The Washington Post celebrated the latest retirement announcement of longtime PBS omnipresence Bill Moyers (we'll believe it when he's gone for a year). The headline is "A crusader's quiet farewell." That's polite code for "declining in relevance."
Post media reporter Paul Farhi at least noted that Moyers retires as often as Cher, and that PBS and Moyers are tightly wound in the brand: "Except for stints in commercial broadcasting (CBS News from 1976 to 1986; NBC News briefly in the 1990s), Moyers has been the face of public television for almost as long as Big Bird."
Except when conservatives and Republicans discussed defunding or cutting funding of public broadcasting, the "objective" media focused on Big Bird and avoided any discussion of Moyers and the obnoxious leftist propaganda he makes.
We at the Media Research Center have largely ignored his latest show Moyers & Co. because it was less prominent on the PBS schedule (in Washington, it airs on WETA on Sundays at 5:30 pm), and nothing ever changes in Moyers-land. Paul Bremmer reported for us in 2013 that Moyers supported jailing politicians who denied global warming, but worried there wasn't enough jail space for the required "mass arrests."
Pardon us if that doesn't sound like a Sesame Street skit about getting along. Farhi didn't sugar-coat the Moyers tilt, although he inspired snickers with the "alleged leftward bias" of the media as a whole:
Moyers himself has attracted as much controversy as awards. His unalloyed liberalism (“I find it very hard to have intelligent conversations with people on the right wing,” he once said) has made him, to conservatives, a living totem of the news media’s alleged leftward bias, and especially public broadcasting’s.
The efforts against Moyers were renewed in 2005 when the conservative chairman of the CPB, Kenneth Tomlinson, sought to demonstrate liberal bias at PBS. Tomlinson secretly commissioned a consultant to monitor the political views of guests on Now with Bill Moyers. He ultimately deemed the program “unbalanced” in its discussion of public affairs.
Moyers didn’t back down, firing back that Tomlinson was waging “a surreptitious and relentless campaign” against him, his program and public broadcasting. “I always knew Nixon would be back,” he said at the time. “I just didn’t know that this time he would ask to be chairman of the Corporation for Public Broadcasting.”
If Farhi had called us for comment, we would have joked that "There was no need to hire a consultant to find liberal bias on a Moyers show. It's like hiring a consultant to find grass on a golf course." What made it obnoxious was that the CPB is assigned the responsibility of monitoring public broadcasting for "objectivity and fairness," which it utterly and completely fails to do.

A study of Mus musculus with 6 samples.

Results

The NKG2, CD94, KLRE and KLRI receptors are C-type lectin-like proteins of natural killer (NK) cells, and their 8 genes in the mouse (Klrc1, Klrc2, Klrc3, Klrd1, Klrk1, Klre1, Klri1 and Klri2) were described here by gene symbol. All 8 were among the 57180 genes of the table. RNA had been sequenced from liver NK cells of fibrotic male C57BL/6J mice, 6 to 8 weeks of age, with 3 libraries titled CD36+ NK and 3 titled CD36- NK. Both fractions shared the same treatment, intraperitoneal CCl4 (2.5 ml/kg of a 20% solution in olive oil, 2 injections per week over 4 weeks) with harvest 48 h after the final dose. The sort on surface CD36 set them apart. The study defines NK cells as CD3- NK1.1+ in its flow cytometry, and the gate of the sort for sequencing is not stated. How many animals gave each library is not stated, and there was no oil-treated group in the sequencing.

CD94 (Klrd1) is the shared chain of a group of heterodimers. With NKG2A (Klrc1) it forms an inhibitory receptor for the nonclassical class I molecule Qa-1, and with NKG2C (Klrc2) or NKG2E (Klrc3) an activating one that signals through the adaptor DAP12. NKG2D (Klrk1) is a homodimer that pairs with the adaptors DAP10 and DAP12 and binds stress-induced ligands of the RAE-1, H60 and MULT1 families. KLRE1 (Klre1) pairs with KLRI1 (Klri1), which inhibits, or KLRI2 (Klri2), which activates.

When Tomlinson died in May, I no doubt spewed cereal when reading Emily Langer’s WashPost obituary that he “at times controversially decried liberal bias in the media," which she thought was a very questionable concept. She added: “Mr. Tomlinson became convinced that public broadcasting disproportionately represented liberal perspectives on political issues, a view that many conservatives shared despite insistence by reporters of their journalistic independence.”
Farhi suggested Moyers was too independent to be considered any help to the Democrats -- in other words, he was so radical he hated both parties:
In fact, Moyers, an ordained Baptist preacher, has often been an equal-opportunity scold, raining damnation upon both political parties and the mainstream media alike.
“One of our two major parties is dominated by extremists dedicated to destroying the social contract, and the other party has been so enfeebled by two decades of collaboration with the donor class it can offer only feeble resistance to the forces that are devastating everyday people,” he told the Progressive magazine in an interview in February. “Our economy is a plantation run for the aristocrats — the CEOs, hedge funds, private equity firms — while the field hands are left with the scraps.”
As if Moyers doesn't fit the word "extremist," what with jailing the global warming deniers? Farhi didn't dig into how many millions the defender of "everyday people" raked in from decades of PBS-related merchandising. That would be rude. But to his credit, Farhi noted that Moyers had conflict-of-interest issues when he approved huge grants for leftist journalism through the Schumann Foundation:
Moyers occasionally featured on his program some of the very organizations Schumann financed without disclosing the connection. In 2012, for example, “Moyers & Co.” devoted an entire episode to an interview with Heather McGhee, the Washington policy director of Demos, a campaign-finance and advocacy organization. Schumann gave $375,000 to Demos in 2012 and 2011, the last years public records are available.
Asked repeatedly about this, Moyers offered no response.
PBS -- once again a Fortress of Solitude when asked about their sleazy ethics.
The profile ended with Moyers bizarrely claiming that he's no more radical now than he was in his salad days with LBJ, helping run the Vietnam War:
At the very least, Moyers’s politics have been consistent throughout his long career. He may be retiring, but he waves off suggestions that he’s mellowing. Asked if by The Progressive last year if he had become even more liberal with time, Moyers said this: “I’ve lived long enough to see the triumph of zealots and absolutists, to watch money swallow politics, to witness the rise of the corporate state. I didn’t drift. I moved left just by standing still.”
"The triumph of zealots and absolutists" could be the PBS motto. It should go on the stationery.